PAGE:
Earlier today, Intel offered some key insight into Thunderbolt 4, following an initial unveiling at CES back in January. The latest version of the connection standard isn’t actually faster than its predecessor (still offering up the same 40 gbps as its predecessor), but there are some key improvements on-board, including some updated system requirements. Here’s the rundown, per Intel:
Double the minimum video and data requirements of Thunderbolt 3.
- Video: Support for two 4K displays or one 8K display.
- Data: PCIe at 32 Gbps for storage speeds up to 3,000 MBps.
- Support for docks with up to four Thunderbolt 4 ports.
- PC charging on at least one computer port.
- Wake your computer from sleep by touching the keyboard or mouse when connected to a Thunderbolt dock. Required Intel VT-d-based direct memory access (DMA) protection that helps prevent physical DMA attacks.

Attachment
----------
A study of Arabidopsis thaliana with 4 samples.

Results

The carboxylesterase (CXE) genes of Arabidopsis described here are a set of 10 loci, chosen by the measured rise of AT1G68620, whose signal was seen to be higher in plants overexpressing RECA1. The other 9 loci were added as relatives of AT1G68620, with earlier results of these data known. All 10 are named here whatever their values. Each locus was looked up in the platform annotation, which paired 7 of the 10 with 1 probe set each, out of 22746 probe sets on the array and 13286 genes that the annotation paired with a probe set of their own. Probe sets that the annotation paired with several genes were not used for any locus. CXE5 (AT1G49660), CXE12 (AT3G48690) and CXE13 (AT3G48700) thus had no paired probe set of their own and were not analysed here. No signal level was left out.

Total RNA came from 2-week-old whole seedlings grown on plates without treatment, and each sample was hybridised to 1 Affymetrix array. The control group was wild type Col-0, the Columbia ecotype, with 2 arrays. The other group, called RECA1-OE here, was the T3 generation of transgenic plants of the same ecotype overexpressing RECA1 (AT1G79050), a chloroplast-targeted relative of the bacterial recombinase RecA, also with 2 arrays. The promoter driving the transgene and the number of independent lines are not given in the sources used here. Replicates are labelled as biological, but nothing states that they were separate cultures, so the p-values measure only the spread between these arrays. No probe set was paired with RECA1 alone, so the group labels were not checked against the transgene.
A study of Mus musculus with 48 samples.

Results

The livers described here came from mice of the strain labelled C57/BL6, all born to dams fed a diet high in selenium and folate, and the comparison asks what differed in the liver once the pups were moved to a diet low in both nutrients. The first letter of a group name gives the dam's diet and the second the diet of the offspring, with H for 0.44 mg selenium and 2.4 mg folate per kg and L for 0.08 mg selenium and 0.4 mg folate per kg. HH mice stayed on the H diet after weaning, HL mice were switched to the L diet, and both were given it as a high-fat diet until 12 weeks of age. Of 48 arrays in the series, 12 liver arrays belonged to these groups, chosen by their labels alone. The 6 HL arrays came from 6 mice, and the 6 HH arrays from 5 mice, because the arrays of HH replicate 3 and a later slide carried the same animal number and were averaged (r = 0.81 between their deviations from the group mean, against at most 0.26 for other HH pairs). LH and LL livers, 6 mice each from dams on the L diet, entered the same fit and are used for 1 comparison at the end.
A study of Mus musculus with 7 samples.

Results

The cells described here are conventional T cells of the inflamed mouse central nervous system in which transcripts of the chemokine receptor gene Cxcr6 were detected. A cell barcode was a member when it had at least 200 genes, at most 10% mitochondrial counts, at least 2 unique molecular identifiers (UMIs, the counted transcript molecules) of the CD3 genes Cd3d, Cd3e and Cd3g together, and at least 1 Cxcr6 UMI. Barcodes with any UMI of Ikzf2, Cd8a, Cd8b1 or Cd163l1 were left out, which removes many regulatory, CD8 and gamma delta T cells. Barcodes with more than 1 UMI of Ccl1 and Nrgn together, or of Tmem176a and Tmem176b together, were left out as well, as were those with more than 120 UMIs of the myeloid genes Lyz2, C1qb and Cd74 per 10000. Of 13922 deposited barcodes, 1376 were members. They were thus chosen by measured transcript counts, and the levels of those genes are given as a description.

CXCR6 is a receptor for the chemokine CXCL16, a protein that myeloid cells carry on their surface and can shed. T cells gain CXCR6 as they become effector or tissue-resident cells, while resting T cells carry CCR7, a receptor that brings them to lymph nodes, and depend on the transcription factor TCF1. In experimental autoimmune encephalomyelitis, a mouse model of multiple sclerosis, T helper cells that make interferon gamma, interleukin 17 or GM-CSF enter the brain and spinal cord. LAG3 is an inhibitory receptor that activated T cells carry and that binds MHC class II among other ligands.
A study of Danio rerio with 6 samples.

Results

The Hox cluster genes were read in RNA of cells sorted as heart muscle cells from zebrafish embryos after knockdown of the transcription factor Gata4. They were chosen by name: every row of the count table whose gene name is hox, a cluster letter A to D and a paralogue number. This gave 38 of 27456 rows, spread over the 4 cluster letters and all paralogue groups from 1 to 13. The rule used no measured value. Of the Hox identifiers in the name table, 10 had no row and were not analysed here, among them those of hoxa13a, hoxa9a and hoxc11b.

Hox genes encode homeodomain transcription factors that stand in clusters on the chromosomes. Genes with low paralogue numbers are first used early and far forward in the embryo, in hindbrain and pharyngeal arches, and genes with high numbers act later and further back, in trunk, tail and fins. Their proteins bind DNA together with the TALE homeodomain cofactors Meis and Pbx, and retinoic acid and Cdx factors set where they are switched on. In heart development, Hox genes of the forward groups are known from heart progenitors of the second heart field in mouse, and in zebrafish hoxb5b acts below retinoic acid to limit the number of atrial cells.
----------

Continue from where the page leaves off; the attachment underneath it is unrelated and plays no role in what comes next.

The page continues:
The new version will be compatible with both Thunderbolt 3 and old USB connections, and it’s set to arrive at some point later in 2020 on laptops sporting Tiger Lake CPUs. One big question mark in all of this, however, is whether Apple will continue to support this latest connection on its upcoming line of ARM-based Macs. After all, the move marks a key rift in the longstanding relationship between Apple and Intel.
In a statement offered to TechCrunch, the company restated its commitment to connection it’s been so invested in over the past several years, noting, “Over a decade ago, Apple partnered with Intel to design and develop Thunderbolt, and today our customers enjoy the speed and flexibility it brings to every Mac. We remain committed to the future of Thunderbolt and will support it in Macs with Apple silicon.”